The Proper Scope of Government: Theory and an Application to Prisons
AbstractWhen should a government provide a service inhouse and when should it contract out provision? We develop a model in which the provider can invest in improving the quality of service or reducing cost. If contracts are incomplete, the private provider has a stronger incentive to engage in both quality improvement and cost reduction than a government employee. However, the private contractor's incentive to engage in cost reduction is typically too strong because he ignores the adverse effect on non-contractible quality. The model is applied to understanding the costs and benefits of prison privatization.
Download InfoIf you experience problems downloading a file, check if you have the proper application to view it first. In case of further problems read the IDEAS help page. Note that these files are not on the IDEAS site. Please be patient as the files may be large.
Bibliographic InfoPaper provided by National Bureau of Economic Research, Inc in its series NBER Working Papers with number 5744.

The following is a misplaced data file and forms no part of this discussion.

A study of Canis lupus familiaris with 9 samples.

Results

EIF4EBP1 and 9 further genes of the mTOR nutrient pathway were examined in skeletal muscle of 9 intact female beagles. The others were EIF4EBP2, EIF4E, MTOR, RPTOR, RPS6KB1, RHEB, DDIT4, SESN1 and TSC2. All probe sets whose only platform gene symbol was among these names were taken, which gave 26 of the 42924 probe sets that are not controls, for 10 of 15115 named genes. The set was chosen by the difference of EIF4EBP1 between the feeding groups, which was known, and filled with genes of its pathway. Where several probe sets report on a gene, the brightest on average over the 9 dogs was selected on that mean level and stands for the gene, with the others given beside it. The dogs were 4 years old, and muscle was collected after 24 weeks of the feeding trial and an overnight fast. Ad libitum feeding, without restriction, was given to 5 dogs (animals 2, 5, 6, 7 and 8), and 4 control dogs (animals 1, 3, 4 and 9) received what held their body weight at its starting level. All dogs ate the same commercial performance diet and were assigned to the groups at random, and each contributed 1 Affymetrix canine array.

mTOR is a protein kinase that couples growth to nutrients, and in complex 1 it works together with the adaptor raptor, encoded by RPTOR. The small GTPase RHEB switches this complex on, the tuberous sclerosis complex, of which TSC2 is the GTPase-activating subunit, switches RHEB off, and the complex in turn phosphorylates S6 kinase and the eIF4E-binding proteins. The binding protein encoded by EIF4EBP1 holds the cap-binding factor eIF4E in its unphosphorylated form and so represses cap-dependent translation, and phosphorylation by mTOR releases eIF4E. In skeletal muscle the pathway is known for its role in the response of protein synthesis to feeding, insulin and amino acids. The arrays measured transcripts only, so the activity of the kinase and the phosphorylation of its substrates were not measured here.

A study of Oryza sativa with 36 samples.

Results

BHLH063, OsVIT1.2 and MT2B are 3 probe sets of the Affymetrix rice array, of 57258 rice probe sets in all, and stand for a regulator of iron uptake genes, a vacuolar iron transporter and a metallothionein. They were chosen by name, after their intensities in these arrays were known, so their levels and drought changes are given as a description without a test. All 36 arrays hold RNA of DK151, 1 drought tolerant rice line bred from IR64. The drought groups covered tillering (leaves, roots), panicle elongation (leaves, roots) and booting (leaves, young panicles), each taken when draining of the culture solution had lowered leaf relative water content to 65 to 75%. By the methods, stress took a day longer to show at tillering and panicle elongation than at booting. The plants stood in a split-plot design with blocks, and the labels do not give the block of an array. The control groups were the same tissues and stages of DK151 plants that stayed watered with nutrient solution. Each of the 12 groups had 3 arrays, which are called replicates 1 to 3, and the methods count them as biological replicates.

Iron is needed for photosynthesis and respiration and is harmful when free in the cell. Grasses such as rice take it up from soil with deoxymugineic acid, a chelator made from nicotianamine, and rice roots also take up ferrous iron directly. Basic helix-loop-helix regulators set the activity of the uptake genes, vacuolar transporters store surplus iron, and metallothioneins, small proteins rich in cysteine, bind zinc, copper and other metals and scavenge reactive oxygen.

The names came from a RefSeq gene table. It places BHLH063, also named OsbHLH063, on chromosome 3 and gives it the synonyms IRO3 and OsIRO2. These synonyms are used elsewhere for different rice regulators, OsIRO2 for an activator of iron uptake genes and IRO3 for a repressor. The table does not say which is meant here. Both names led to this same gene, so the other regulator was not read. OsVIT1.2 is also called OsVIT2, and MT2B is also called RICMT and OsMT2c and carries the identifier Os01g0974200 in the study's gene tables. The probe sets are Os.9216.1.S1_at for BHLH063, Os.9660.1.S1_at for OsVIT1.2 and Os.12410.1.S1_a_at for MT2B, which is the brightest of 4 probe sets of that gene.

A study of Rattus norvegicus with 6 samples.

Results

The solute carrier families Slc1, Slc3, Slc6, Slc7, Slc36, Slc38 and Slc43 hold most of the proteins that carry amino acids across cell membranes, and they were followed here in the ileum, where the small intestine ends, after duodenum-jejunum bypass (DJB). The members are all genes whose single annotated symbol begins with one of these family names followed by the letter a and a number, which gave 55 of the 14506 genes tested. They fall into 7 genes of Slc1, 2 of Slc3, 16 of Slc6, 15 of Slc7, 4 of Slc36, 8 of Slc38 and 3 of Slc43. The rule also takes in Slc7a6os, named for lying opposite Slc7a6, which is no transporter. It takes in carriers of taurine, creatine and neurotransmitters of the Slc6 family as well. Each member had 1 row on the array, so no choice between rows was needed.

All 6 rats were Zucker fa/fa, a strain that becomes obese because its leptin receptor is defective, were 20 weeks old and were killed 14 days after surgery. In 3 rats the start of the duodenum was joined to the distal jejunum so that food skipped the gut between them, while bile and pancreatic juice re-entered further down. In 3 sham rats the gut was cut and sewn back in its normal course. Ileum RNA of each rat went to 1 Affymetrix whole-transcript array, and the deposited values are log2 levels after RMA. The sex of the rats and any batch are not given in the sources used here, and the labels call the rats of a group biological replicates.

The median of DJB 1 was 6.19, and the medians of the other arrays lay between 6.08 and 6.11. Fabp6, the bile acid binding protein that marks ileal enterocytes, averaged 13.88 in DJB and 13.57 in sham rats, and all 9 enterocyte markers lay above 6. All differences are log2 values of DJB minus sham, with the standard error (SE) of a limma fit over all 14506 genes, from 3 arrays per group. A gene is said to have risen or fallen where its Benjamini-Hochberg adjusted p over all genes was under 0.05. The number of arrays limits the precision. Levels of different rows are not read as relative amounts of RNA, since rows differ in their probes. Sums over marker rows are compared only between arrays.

Date of creation: Sep 1996
Date of revision:
Publication status: published as Quarterly Journal of Economics, Vol. 112, no. 4 (1997): 1126-1161.
Note: CF PE
Contact details of provider:
Postal: National Bureau of Economic Research, 1050 Massachusetts Avenue Cambridge, MA 02138, U.S.A.
Web page: http://www.nber.org
More information through EDIRC
Other versions of this item:
- Hart, Oliver & Shleifer, Andrei & Vishny, Robert W, 1997. "The Proper Scope of Government: Theory and an Application to Prisons," The Quarterly Journal of Economics, MIT Press, vol. 112(4), pages 1127-61, November.
- Oliver Hart & Andrei Shleifer & Robert Vishny, 1996. "The Proper Scope of Government: Theory and an Application to Prisons," Harvard Institute of Economic Research Working Papers 1778, Harvard - Institute of Economic Research.
- D23 - Microeconomics - - Production and Organizations - - - Organizational Behavior; Transaction Costs; Property Rights
- H11 - Public Economics - - Structure and Scope of Government - - - Structure and Scope of Government
You can help add them by filling out this form.
CitEc Project, subscribe to its RSS feed for this item.
This item has more than 25 citations. To prevent cluttering this page, these citations are listed on a separate page. reading list or among the top items on IDEAS.Access and download statisticsgeneral information about how to correct material in RePEc.
For technical questions regarding this item, or to correct its authors, title, abstract, bibliographic or download information, contact: ().
If references are entirely missing, you can add them using this form.